Delhi folk rock band Indian Ocean may well be wondering why filmmaker Anubhav Sinha didn’t come to them for the soundtrack of Bheed (2023). The film deals with stories of everyday people’s suffering during the Covid-19 lockdown, with a particular focus on the tragic plight of daily-wager labourers who struggled to make their way home to villages. Indian Ocean, whose folk-inspired music has often included socio-political commentary, would have been a neat fit for the score. However, Sinha teamed up with composer Anurag Saikia, who has collaborated with Sinha in the past.
Saikia delivered the brilliant, yet underrated “Piya Samaye”, sung by Shafqat Amanat Ali and Arshad Hussain for Mulk (2018). Sinha and Saikia also worked together again for Article 15 (2019), where the composer established that he is capable of scoring a more straightforward film song like the traditional ballad sung by Armaan Malik. But it was the feisty “Kahab Toh”, sung by Sayani Gupta for the same film, where Saikia seemed to find himself, at home in the rural folk music tradition of Bihar.
Perhaps the most fitting predecessor to “Herail Ba”, from the soundtrack of Bheed, is “Bambai Main Ka Ba,” the Bhojpuri rap song sung by Manoj Bajpayee and released in the middle of the lockdown in 2020. With a video directed by Sinha, the track has music by Saikia and lyrics by Dr. Sagar, who has also written “Herail Ba.” The quirky punchlines and sharp lyricism articulate the anguish faced by workers from Bihar in a big city like Mumbai without sensationalising the hardships.
For “Herail Ba,” Saikia roped in folk music idol, Om Prakash Yadav, whose keening vocals evoke the migrant workers’ sun-scorched journey of crossing state lines by foot. The minimal instrumentation lets the lyrics and vocals shine. The crushing reality of the lyrics — “Khunwa pasina sheheriya main bahiya/ Kaudi ke bhau mein bikail ba/ Chal ud chal suguna gaonwa ke var/ Jahan maati mein sona herail ba (In the city, my sweat and blood/ Are sold for coins/ Let us fly, oh parrot, towards our village/ Where there is gold sprinkled over mud)” — hit as hard as any blues anthem.
In the light of his song having gained such a following, lyricist Sagar made the argument that Bhojpuri should be accepted in Hindi film music just as Punjabi is. Bhojpuri, in fact, has long made a place for itself in Hindi film music. Be it in the Fifties’ classic “Rasik Balma” written by Hasrat Jaipuri for the film Chori Chori (1956), or in the Sixties, for the song “Piya Tose Naina Laage Re,” written by Shailendra for Guide (1965), you find the lyricists have borrowed from Bhojpuri. Both tracks sung by Lata Mangeshkar remain unforgettable. Perhaps Bhojpuri would have been as ubiquitous as Punjabi had it not been relegated to second place by the way native speakers of Bhojpuri are viewed by India's dominant elites. In a paper titled ‘A Marginalized Voice in the History of Hindi’, published in 2013 by Cambridge University Press, research scholar Aishwarj Kumar writes how Bihari languages including Maithili and Bhojpuri were dismissed in favour of Hindi and by early 20th century, Hindi earned the status of a standardised language in the state. The main agenda, was of course, to erase Urdu from courts and classrooms, but Bhojpuri bore the brunt of this language war in Bihar and Uttar Pradesh.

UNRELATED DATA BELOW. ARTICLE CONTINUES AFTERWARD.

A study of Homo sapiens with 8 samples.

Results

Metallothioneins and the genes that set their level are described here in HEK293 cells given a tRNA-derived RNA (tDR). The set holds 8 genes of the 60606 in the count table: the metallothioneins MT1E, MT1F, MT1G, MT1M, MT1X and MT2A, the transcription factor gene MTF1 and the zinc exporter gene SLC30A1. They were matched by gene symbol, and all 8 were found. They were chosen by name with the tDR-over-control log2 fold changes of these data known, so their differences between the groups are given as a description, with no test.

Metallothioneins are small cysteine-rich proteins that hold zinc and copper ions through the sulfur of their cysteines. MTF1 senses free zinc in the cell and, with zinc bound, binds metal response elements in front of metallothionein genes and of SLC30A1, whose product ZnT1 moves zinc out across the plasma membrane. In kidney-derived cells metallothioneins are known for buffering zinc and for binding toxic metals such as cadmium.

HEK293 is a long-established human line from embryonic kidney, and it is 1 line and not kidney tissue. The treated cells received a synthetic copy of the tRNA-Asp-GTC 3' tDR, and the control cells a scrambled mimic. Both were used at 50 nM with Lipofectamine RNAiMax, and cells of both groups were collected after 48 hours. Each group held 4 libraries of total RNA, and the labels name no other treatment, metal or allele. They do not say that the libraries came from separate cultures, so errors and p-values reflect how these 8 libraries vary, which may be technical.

Elsewhere in the country and the world, Tamil speakers have the resistance movements against the idea of ‘one nation-one language’ to thank when they listen to “Aga Naga”. The A.R. Rahman track for Ponniyin Selvan - Part 2 (PS-2) has superlative lyrics by Ilango Krishnan, formerly an editor with Tamil news daily Dinakaran. For the scores of both PS-1 and PS-2, Krishnan has written in Manipravalam Tamil, an 18th century script that draws from different languages including Tamil, Malayalam and Sanskrit. Rahman maintains the soundscape of PS-1 and directs a phenomenal string section to drive “Aga Naga”. Vocalist Shakhtishree Gopalan, who previously rendered the soulful love song “Nenjukkule” from Kadal (2013, also scored by Rahman), is a sound choice for “Aga Naga”. Gopalan’s vocals are atypical, straying away from the high-pitched tonality that is associated with film playback singing and move towards the bold-as-brass quality that blues and jazz singers are known for. The Hindi version has Shilpa Rao, yet another peerless vocalist who has the chops to do justice to the track.
Another unusual playback singer — but one that perhaps the world could have done without — has been credited on “Jee Rahe The Hum,” from the Salman Khan starrer, Kisi Ka Bhai Kisi Ki Jaan. If you, for a moment, think that the singer sounds unbelievably like Khan, you better believe that Khan has indeed sung the track. The pieces of the puzzle fall into place and you now know what a song sounds like when the singer is yawning through it. You’re yawning by the end of it as well.
If mindless mirth is what you’re in the mood for, then “Tere Pyaar Mein” sung by Arijit Singh and composed by Pritam for Tu Jhoothi Main Makkar (2023) is your new Zumba jam. Much like the film, the music offers a suspension from reality, where you can bury your head in the sand to avoid all conflict, political or otherwise. Tune in, drop out.